New Bedford Mayor Jon Mitchell said the lumber that went missing from the City Yard was a "screw up," but said he doesn't believe it was criminal in nature.

In his weekly appearance on WBSM, Mitchell said that as the elected leader of the City of New Bedford, he takes personal responsibility for the City's assets and things that are in custody of the City. The lumber, rare antique yellow pine from the former Fairhaven Mills that had been set aside for the restoration of the schooner Ernestina, went missing from the City Yard sometime in 2016.

"We delved into what happened last year after it came up, and what's clear to me is that there was a series of miscommunications among employees in the (Department of Public Infrastructure) that led them to say, 'You know, this wood has been sitting around a long time, and there's somebody entrusted in taking it away, so if they're going to pay for it, they're welcome to haul it away,'" Mitchell said. "And that never should have happened."

"It shouldn't have left the City's control without some greater level of due diligence about its value and who is entitled to it," he said. "But as I look at it, it's very clear that's the nature of it, just people not paying attention."

Mitchell said it appears as though a resident living near the Quittacas Pond water treatment facility saw the wood and was interested in it, and was allowed to haul it away sometime in 2016.

"They said, 'Hey, you guys doing anything with this?' and the response back from DPI was, 'Yeah, you want to pay for the removal, go ahead,'" Mitchell said. "It's been sitting there for years, and they were under the impression that the Ernestina couldn't use it because the wood itself had nails and steel and other things that they thought made it unusable. That may or may not have been true, and honestly, it doesn't still should have been accounted for."

The mayor also said it appears at least one DPI employee did go to the Ernestina commission and explain what happened to the lumber, and apologized for the mistake, sometime in 2017.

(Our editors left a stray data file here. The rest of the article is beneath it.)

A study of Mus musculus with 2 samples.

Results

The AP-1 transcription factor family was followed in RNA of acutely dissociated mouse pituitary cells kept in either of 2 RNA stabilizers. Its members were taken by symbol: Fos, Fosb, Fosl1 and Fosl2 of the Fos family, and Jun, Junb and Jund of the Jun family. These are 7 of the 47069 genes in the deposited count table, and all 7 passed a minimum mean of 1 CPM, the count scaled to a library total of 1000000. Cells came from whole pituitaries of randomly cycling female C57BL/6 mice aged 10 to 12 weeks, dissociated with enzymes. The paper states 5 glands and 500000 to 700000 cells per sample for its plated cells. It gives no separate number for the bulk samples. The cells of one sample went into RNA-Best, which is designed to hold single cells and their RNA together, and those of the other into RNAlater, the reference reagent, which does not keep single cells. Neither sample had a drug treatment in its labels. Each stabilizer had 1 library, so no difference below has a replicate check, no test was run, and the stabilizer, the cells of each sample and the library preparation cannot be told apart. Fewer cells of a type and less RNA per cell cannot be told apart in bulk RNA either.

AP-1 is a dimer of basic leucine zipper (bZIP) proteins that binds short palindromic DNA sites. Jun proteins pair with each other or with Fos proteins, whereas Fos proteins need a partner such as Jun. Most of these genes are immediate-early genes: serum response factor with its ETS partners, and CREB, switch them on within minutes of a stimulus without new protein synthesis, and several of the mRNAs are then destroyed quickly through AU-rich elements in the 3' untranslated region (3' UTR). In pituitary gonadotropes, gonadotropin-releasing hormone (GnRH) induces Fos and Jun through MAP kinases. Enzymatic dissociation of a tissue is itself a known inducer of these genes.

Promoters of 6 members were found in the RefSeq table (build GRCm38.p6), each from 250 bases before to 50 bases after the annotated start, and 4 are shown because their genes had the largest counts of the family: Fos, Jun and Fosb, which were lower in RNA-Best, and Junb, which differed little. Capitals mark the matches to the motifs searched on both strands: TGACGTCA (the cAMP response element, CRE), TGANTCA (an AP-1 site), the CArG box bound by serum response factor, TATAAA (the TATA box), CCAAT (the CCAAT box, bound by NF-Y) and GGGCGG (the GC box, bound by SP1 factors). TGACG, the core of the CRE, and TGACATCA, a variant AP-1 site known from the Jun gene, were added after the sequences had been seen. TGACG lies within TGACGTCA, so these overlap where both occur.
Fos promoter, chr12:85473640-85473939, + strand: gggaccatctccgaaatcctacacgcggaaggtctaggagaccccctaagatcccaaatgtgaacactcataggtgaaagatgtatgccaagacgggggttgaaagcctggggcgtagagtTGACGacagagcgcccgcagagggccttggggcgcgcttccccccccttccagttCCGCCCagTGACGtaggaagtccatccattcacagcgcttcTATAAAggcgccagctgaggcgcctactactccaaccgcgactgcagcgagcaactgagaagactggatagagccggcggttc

Mitchell said he has no problems with the questions WBSM's Ken Pittman and others have raised in relation to the disappearance of the lumber.

"We embrace that. I embrace that," he said. "Even if I'm satisfied about what happened, if people aren't satisfied, then we have to take reasonable steps to make sure that we get the information into the daylight, because (otherwise) people start speculating about motives and trust and things like that."

Mitchell said that finding out the complete story is the "top priority" right now of the City's personnel director, Sandra Vezina, and that when she has completed her review, the City will release all the pertinent details it can, depending on personnel protections.

"The effort here is both to let the public know as much as we can reasonably get our hands on so that they have a better understanding," he said. "But secondly, and probably more importantly, we don't want it to happen again."

Mitchell said one thing he is especially concerned about is how the DPI is disposing of materials it can't use. He said it's been a practice that if there are materials they can't put to use such as fill or loam, they've allowed contractors to take it away for their own use.

"I think we've got to take a hard look at that," he said. "Even at the risk of being too legalistic, that stuff needs to be documented."

Mitchell noted that his administration will do the best it can to trace where the wood ended up but noted that once it is out of the City's control, it's harder to find out where it went. He said they do know who it was that took the lumber away, but that party either sold it or gave it to someone else.

"And we don't have subpoena power to bring people in (and question them)," he said.

He did, though, say that at some point, the wood was still in position to be returned.

"What is clear is that the folks that got it didn't want to give it up," Mitchell said. When asked for clarification on whether Mitchell meant the original party that removed the lumber or the second party that later got possession of it, Public Information Officer for the City of New Bedford Jonathan Carvalho said details will be shared once Vezina has completed her review.

Still, Mitchell said he sees no reason to believe, at least as far as City government is concerned, that anything untoward happened with the lumber.

"I'm not seeing any evidence of a crime," the former federal prosecutor said. "Having been in the business of prosecuting criminals for a living for 11 years, if I saw even a scintilla of evidence that it should be treated (as such), then we would refer it to the District Attorney's office."